The waitlist to enter the Three Voices of Healing Society's treatment program is generally six months.

First Nations healing centre relocates to Columbia Valley

The Three Voices of Healing Society (TVOH) is one of the most successful drug and alcohol treatment facilities in British Columbia.

One of the most successful drug and alcohol treatment facilities in British Columbia has relocated to the Columbia Valley from Creston.

The Three Voices of Healing Society (TVOH) has purchased a 53-bed facility on Capilo Way just off Highway 93/95 in order to better serve their clients with a new aftercare program.

“The way I see it, addiction is a disease, and that’s how Health Canada also sees it, as a disease,” TVOH executive director Delena Tikk said. “To me, it’s the same as (having) HIV; the disease can kill you. It can kill you organ by organ, or you can maintain it with a regiment of a healthy diet, healthy lifestyle and keep it in remission, and that’s what we try to do.”

First started in 1977, the Ktunaxa/Kinbasket Wellness Centre in Creston was initially run as a recovery home under the Kootenay Indian Area Council before becoming a treatment centre in 1992. In 1997, the centre was transferred to an independent society, and today operates as a non-profit, non-political service organization dedicated to treatment of First Nations people suffering from addiction. In September, the society officially transferred their base of operations to the Columbia Valley after purchasing a larger complex to help extend their services.

“The biggest thing was the (new) facility,” Tikk explained. “(It has) more beds and we’re extending our services to accommodate some aftercare programs.”

The society receives federal funding through the First Nations and Inuit Health Branch of Health Canada, and is a registered charitable organization recognized by the federal government. Currently, the program has 12 staff on-site in the Columbia Valley, ranging from cooks and maintenance personnel to administration and addiction counsellors, and beds for 16 clients as part of their accredited residential adult treatment facility.

The waitlist for the program generally stretches from four to six months, and while First Nations clients are the priority, the society will also accept other non-First Nations peoples provided there is enough space in the program.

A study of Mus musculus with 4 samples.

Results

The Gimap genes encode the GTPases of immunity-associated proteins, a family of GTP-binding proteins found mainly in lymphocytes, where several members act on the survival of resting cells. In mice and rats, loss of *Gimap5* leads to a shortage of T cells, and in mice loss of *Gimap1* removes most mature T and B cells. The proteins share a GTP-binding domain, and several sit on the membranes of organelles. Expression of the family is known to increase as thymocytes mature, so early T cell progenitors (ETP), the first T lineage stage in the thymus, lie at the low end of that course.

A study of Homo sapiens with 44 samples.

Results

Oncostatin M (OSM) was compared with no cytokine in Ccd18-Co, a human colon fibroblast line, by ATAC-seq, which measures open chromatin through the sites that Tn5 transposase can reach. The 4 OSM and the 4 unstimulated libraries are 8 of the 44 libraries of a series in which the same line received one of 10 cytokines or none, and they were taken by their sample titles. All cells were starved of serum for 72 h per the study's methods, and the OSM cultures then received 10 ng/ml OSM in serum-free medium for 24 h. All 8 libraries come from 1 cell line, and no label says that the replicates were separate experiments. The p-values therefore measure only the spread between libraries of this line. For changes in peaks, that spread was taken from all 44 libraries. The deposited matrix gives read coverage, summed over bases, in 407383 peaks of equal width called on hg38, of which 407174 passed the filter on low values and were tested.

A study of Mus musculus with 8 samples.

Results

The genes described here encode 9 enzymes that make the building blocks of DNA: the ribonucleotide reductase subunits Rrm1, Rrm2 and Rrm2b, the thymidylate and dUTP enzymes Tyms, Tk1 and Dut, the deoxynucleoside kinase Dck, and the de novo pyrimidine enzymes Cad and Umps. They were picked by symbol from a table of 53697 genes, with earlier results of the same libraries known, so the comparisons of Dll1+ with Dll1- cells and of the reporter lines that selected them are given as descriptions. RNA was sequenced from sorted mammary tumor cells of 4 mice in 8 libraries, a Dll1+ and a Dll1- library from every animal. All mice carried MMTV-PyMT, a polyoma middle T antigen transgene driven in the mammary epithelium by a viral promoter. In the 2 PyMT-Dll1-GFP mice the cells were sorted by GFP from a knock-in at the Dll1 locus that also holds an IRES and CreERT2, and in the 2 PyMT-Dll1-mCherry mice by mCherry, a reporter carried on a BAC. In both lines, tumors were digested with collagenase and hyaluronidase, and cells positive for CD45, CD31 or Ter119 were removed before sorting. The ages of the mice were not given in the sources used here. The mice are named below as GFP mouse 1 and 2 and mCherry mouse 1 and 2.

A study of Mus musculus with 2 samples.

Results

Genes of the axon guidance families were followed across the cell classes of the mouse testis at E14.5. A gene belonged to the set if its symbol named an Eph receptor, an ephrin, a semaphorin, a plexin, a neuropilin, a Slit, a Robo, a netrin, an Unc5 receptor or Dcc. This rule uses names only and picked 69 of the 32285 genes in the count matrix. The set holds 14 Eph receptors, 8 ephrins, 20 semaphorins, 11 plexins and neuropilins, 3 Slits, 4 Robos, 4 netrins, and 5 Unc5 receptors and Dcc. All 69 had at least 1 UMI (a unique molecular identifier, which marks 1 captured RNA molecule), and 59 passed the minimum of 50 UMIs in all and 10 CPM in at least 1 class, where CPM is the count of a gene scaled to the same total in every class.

“We do alcohol and drug treatments, and we do gender specific, like men’s and then women’s, alternating,” Tikk said. “They come from all over B.C., Alberta, the Yukon, (and) Nunavut.”

Split into 41 day sessions, each session offers one-on-one counselling, group counselling, education, traditional and cultural activities and has a physical fitness and recreational component. Each session is also attended by a psychologist for seven days for psychological services.

“It’s teaching them the life skills and structure that’s been lost to their addiction,” Tikk said. “Then, what they can do in a drug-free life.”

Since 2004, the treatment completion rate has risen from 30 to 40 per cent to what is currently 80 to 90 per cent, and the sobriety rate one year after completing treatment has risen from 10 per cent to 40 to 60 per cent. The society also has a number of policies and procedures to protect staff and the clientele, including an appeal system, continuous learning opportunities and an employee support program that encourages a balance between work and home life.

For Tikk, the feeling she gets from seeing someone walk out the doors at the end of a treatment session is “overwhelming.”

“We had a fellow, he’d come through twice in a matter of three years,” Tikk recalled. “The second time he came through, everyone took a shine to him, like we do to everybody, but he was special, and he had no place to go, no family, nothing. So we set him up in a halfway house in Kelowna when he left treatment, and he never showed up and we never heard from him. About a year later, I get a phone call at the office, and it’s him — he’s sober, he’s working, he owns his own house, he has two cars, and he’s going on and on, and I’m bawling as he’s telling me this.”

Beginning this spring, the society is planning on introducing an aftercare program that will provide beds for roughly 30 clients.

Clients will be able to stay at the facility for up to three months after completing treatment, and in partnership with the Nicola Valley Institute of Technology (NVIT), the centre will also provide educational opportunities. NVIT will be sending a “trades trailer” that will provide introductory courses to the four basic trades plumbing, electrical work, carpentry and welding. Those interested in continuing their training after the three months will also be given placements in nearby educational institutes.